WHENEVER BARBARA Walters lets a solemn tone creep into her voice, I expect to hear something like "How has stardom treated you, Farrah?" It's been so long since the Million Dollar Journalist covered anything real that I wasn't sure she remembered how. But when her big chance for revived "hard news" exposure finally came, in the first Presidential debate last week, she managed at the same time both to misstate an important issue and overstate the purity of American political news coverage.
Walters was supposed to be the moderator for the debate--a job could have been performed by almost anyone in the Louisville audience. Walters knew this, and perhaps it was inevitable that she would try to leave her own distinctive stamp on the proceedings. But she chose to make her pitch at the very beginning of the debate, when viewer attention was (hopefully) at its peak. With straight-faced regret she indicated the three journalists on the panel, and told America there should have been four. Why weren't there, Barbara? Because out of the 112 names submitted by the sponsor of the debate, the League of Women Voters, to the two campaigns, they could agree only on these three. For shame.
Now, assuming the Walters' woeful tone was aimed at the respective campaigns, two glaring facts work against her self-righteous pronouncement. This winnowing of the prospective panelists was perfectly justified under the agreed-upon terms of the debate. Just as in jury selection, both sides were given a chance to reject persons they felt were unfavorable to their cause. An adequate solution would have been merely to continue submission of candidates until four were chosen. Furthermore, it's completely unclear which campaign did most of the rejecting. Perhaps one of the other did the majority, but Walters' statement lambasted both candidates equally.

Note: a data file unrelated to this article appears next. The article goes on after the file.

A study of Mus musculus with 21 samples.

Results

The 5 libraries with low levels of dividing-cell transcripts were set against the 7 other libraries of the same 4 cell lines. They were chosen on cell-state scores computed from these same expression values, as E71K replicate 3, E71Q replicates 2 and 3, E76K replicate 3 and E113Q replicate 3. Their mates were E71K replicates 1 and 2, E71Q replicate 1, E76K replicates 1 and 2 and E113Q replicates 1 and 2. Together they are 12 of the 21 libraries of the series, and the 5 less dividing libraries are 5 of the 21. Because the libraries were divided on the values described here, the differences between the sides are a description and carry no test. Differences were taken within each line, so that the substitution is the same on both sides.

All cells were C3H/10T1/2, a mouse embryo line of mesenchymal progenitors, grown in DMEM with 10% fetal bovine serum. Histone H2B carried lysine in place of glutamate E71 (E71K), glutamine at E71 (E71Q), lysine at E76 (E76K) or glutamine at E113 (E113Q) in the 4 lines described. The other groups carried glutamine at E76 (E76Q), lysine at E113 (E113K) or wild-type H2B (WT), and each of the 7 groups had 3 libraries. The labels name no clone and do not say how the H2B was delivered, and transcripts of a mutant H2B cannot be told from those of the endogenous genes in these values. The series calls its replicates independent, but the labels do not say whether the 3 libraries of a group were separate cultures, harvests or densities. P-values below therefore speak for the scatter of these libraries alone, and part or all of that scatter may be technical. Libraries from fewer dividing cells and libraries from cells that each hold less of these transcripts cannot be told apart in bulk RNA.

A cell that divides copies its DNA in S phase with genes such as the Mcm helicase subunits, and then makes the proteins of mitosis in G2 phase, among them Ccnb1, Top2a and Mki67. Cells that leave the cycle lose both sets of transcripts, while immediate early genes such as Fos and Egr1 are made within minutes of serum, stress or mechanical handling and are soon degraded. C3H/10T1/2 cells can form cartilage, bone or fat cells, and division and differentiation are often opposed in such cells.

BUT LET'S consider Walters' sadness in a way she probably did not intend. Perhaps regret should be aimed most appropriately at the way campaigns are covered by the national press corps itself. Here again the jury metaphor is apt. In an ideal world juries will always be unbiased vehicles through which the facts of the case will be transformed into an appropriate ruling. But it's a truism that this is often not the case, and the men and women who have been covering Mssrs. Mondale and Reagan are very much like a jury, with elements of judge and prosecutor thrown in as well.
Both candidates, like skillful attorneys, phrase their campaign speeches to appeal to the "jury's" ear, so that those few seconds of precious film will be broadcast at six p.m. The phrasing of the "jury's" questions--which at the debate averaged a ridiculous 95 words in length--becomes crucial to the message left with the voters. At this particular debate, the panelists were allowed to phrase the same question in subtly different terms for each candidate, a common practice in the campaign as a whole. Perception, nuance, image--all concepts antithetical to the creed of objective journalism, and all crucial to the running of day-to-day news enterprises, especially TV.
Similar critiques can be made of post-debate commentary, and of the absurd practice of deciding who "won." Both practices tend to obscure what actually happened, and to leave a different image in the mind of each viewer. Why couldn't the League president have been the moderator? Why couldn't distinguished former elected officials, from all points of the political spectrum, have constituted the panel? At least then a tendency to digress from the true subject of the evening would have been understandable, even expected, and could have been expressly forbidden beforehand.
Americans didn't tune in last Sunday night to hear Barbara Walters editorialize on some vague transgression by the two campaigns, or to hear her call Presidential candidates "obedient," as she did in the middle of the debate. The more "the medium becomes the message," and the more national journalists set the imagery and the agenda for campaign discourse, the less America can expect from its political leadership.